Column: Helping youngsters chart the path into secondary school

One of the joys at this time of year has been to help year six pupils think about and prepare for the transition to secondary education.

Monday, 18th July 2016, 2:57 pm
Updated Monday, 18th July 2016, 5:04 pm
Bishop of Lancaster Rt Rev Geoff Pearson

Moving on to secondary school is so much more exciting and ‘thought through’ than in my day. There are usually school visits both ways.

Secondary teachers visit primary schools and vice versa. On these transition days older children often speak positively about their experience and do their best allay fears about bullying and mythical initiation rites.

Visits to secondary school generate their own sense of excitement. Suddenly there are science labs, art rooms and news about trips abroad. Year 6 pupils move from being big fish in a small pond to small fish in a big pond.

Sign up to our daily newsletter

The i newsletter cut through the noise

Some local churches present to their local primary school a helpful book produced by Scripture Union called ‘It’s Your Move’ and this has been my basis for working with year 6 pupils.

The book is available to order from Scripture Union. You can find out more; order a free sample copy and watch related videos via

Early on, the book gives space for the pupils to answer three questions. The first is: ‘What will you miss from your primary school?’ More than half answer friends to that one.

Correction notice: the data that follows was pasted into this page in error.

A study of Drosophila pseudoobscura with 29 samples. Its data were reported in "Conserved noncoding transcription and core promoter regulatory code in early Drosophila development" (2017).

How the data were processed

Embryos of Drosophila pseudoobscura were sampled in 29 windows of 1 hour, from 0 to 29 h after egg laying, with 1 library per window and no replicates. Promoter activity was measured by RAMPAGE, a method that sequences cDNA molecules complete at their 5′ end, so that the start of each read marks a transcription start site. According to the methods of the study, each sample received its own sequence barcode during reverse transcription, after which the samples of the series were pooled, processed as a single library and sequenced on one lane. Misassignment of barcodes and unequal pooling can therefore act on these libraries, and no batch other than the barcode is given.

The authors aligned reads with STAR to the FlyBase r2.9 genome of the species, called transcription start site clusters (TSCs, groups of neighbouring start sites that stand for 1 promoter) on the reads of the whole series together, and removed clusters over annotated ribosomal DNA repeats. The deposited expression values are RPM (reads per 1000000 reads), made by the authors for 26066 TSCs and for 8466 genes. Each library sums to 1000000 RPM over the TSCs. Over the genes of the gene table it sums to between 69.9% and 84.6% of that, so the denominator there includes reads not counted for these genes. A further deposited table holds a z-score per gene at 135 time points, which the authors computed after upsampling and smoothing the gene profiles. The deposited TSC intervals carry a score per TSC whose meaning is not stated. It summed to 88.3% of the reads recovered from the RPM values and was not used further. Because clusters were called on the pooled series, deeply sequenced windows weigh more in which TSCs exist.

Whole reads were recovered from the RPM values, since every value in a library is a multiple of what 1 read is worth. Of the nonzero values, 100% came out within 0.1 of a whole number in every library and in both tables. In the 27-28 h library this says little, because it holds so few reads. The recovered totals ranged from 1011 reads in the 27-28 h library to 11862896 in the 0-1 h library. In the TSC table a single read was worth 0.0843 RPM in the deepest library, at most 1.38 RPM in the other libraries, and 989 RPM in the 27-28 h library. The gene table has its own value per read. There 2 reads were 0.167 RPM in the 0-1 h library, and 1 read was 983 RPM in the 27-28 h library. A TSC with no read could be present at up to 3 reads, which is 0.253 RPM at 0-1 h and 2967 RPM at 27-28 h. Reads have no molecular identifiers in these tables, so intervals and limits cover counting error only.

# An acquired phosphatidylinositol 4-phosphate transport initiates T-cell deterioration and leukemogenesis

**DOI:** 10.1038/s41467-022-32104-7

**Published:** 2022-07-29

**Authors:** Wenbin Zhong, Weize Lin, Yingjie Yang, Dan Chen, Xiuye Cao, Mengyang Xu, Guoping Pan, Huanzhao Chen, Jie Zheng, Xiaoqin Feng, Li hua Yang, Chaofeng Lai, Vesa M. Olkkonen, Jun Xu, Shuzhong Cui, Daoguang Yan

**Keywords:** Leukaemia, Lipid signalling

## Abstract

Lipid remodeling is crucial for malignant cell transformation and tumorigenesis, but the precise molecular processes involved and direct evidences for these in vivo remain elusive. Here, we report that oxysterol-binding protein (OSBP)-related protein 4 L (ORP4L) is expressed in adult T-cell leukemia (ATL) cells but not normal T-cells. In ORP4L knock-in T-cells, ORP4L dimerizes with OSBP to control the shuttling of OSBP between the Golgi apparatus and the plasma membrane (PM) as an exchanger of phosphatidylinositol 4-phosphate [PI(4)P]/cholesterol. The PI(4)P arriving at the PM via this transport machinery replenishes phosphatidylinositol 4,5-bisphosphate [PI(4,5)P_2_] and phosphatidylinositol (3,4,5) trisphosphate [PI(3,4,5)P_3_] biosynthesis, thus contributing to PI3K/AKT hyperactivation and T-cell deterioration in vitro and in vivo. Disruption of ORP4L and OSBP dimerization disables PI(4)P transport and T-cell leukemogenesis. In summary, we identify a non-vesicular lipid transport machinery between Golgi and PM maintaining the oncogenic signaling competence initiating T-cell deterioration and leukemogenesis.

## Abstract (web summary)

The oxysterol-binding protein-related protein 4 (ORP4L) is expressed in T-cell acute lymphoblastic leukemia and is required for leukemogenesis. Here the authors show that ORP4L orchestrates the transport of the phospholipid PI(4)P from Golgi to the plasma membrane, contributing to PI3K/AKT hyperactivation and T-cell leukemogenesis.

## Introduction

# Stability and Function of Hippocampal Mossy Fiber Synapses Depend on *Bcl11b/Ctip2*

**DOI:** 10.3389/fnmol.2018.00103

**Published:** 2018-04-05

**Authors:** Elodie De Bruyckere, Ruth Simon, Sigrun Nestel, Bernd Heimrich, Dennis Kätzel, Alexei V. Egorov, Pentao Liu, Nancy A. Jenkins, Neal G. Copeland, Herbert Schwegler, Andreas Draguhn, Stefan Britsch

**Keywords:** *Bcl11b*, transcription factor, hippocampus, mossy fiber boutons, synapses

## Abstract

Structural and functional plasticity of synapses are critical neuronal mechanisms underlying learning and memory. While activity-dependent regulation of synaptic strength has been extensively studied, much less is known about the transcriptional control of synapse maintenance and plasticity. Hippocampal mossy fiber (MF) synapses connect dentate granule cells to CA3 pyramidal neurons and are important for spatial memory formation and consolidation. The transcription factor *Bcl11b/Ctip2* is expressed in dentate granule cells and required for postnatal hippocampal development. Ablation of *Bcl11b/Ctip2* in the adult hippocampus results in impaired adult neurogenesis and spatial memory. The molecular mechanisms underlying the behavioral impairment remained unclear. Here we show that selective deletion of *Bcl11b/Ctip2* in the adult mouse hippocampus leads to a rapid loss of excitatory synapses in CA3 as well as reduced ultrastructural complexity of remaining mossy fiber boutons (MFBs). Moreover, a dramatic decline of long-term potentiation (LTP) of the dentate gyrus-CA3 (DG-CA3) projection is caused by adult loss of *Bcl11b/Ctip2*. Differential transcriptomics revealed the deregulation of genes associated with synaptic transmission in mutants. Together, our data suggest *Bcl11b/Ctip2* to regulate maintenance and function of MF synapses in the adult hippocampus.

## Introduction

The next is: ‘What is the scariest thing about your new school?’

Answers to that one are less clear-cut. Most common response ‘older pupils who seem like giants’ with ‘getting lost’ not far behind, together with ‘not making friends’.

Finally they are asked about the best thing at their new school. The answers to that one range from ‘making new friends’ to ‘learning new subjects’.

The book is full of top tips for a great new start. Although there is generally a good buzz about thinking over this topic of moving on to secondary school, I find the boys and girls are often really glad to ponder a well-known Psalm in the book as well.

Psalm 139 is a poem about how God knows everything about us; how we are fearfully and wonderfully made. It speaks of God’s protection for us and how we do not need to be nervous because God is with us. In the last group of eleven children I spoke to they all picked out different words or phrases that spoke to them.

It may be that you are moving on to a new job or a new situation. If you are then try reading Psalm 139 for your own encouragement.